An Italian official's wife is kidnapped, and the kidnappers demand that a notorious prisoner be released in order for the man to get his wife back. He gets the man released--but then ... See full summary »
A psychotic small-time criminal realizes that the everyday robberies, rapes and murders he commits aren't making him all that much money, so he figures to hit the "big time" by kidnapping the daughter of a rich man.
A detective sick and tired of the rampant crime and violence in his city, and constantly at odds with his superiors, is finally kicked out of the department for a "questionable" shooting of... See full summary »
A biker's brother is killed while investigating the kidnapping of a young boy, the byproduct of a war between two crime families. The biker vows to get revenge by finding the kidnapped boy and destroying the two families.
above-average 70s Italian crime film, partially shot in New York, with Maurizio Merli and Van Johnson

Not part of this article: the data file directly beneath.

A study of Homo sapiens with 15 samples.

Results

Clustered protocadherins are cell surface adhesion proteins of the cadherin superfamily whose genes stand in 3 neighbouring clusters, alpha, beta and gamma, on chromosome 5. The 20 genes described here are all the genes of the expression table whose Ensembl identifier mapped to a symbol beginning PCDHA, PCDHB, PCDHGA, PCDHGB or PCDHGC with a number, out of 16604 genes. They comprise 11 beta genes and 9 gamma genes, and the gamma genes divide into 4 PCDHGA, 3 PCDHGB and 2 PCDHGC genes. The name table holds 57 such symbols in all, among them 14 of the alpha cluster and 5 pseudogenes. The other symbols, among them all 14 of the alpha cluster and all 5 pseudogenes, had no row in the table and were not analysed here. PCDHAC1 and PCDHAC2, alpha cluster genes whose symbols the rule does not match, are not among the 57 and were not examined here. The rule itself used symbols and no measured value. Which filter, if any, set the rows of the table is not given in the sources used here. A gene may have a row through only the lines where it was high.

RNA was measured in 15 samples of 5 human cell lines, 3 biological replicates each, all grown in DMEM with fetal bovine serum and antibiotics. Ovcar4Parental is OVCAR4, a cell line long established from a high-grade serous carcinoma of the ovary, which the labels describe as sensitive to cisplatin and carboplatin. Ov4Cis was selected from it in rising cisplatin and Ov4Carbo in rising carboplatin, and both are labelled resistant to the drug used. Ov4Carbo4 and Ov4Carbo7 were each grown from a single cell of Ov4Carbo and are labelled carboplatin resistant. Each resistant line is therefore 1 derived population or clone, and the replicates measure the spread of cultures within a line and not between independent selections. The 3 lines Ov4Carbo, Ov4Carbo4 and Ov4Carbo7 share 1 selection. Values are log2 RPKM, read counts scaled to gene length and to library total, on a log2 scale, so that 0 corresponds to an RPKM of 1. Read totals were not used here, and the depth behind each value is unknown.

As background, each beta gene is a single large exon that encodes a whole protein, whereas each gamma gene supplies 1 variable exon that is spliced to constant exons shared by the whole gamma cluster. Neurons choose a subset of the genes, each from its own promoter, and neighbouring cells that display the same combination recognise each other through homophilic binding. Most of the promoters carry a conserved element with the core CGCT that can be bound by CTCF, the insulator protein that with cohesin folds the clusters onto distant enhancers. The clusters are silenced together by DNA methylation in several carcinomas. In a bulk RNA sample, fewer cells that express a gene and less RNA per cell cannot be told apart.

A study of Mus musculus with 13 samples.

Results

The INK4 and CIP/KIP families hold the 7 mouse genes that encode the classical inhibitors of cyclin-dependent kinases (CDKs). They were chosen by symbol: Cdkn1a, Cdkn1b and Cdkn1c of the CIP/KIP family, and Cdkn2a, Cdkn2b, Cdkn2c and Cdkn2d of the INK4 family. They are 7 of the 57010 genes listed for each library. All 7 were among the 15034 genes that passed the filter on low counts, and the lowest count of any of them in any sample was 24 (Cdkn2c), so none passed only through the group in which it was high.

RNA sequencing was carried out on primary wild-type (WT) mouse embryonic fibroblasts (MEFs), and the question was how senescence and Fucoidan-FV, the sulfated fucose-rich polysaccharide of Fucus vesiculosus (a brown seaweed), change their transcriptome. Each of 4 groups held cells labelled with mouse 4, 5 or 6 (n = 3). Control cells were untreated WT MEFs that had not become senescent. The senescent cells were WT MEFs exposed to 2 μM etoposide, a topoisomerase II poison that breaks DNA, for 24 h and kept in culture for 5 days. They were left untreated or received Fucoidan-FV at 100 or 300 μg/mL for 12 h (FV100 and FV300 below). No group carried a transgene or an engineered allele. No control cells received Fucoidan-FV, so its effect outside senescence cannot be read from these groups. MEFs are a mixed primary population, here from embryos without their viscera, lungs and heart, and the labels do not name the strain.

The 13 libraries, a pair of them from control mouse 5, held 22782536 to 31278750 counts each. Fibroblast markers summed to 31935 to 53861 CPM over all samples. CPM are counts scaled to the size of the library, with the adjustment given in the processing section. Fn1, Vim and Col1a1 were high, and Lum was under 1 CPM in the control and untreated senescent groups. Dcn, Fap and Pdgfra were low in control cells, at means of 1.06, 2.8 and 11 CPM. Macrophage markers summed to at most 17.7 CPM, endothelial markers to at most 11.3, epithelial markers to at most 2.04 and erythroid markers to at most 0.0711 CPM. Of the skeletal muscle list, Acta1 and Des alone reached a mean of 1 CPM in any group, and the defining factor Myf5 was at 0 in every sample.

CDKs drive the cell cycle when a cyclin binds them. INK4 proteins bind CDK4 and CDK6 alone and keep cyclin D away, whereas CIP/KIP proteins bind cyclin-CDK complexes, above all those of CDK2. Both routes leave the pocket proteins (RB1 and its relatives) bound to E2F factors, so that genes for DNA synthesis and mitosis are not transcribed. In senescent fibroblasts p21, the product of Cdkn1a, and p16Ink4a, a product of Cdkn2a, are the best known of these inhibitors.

FROM CORLEONE TO BROOKLYN is an exciting late 70s Italian crime film starring the dynamic and handsome Maurizio Merli as an Italian cop who is trying to find a killer who is mob-connected and who eventually has to bring a witness to the United States to testify against the suspect in order for the suspect to be extradited back to Italy. Written and directed by Umberto Lenzi, who directed any number of excellent police films in the 70s (and four great vehicles for Carroll Baker in the late 60s/early 70s), the film moves at a brisk pace and because Mafia killers are after Merli and his witness, the viewer never knows when they will next be attacked or by what method. The pulsating, police-funk score gives this the classic "sound" of a 70s euro-crime film, and the fatalistic ending is something one would rarely see in an American film. Van Johnson, as the New York police lieutenant who works with Merli, does a fine job of barking orders at underlings and projects a genuine concern for Merli's task and situation. I'm still not sure if Mr. Johnson did his own dubbing on this film, but had a cold and was not well-recorded, or whether someone was doing a Van Johnson imitation--after all, Johnson is an EASY to identify actor with distinctive phrasing and accent. A mimic could listen to the soundtrack of one of his films and do a decent impression. In any event, this would rank among the top third of 70s Italian crime films that I have seen. Also, much of the location shooting is in New York and is shot when there is snow on the ground, so the atmosphere is important in the film Recommended to fans of this genre of film, FROM CORLEONE TO BROOKLYN is an example from the "golden age" of Euro-crime films.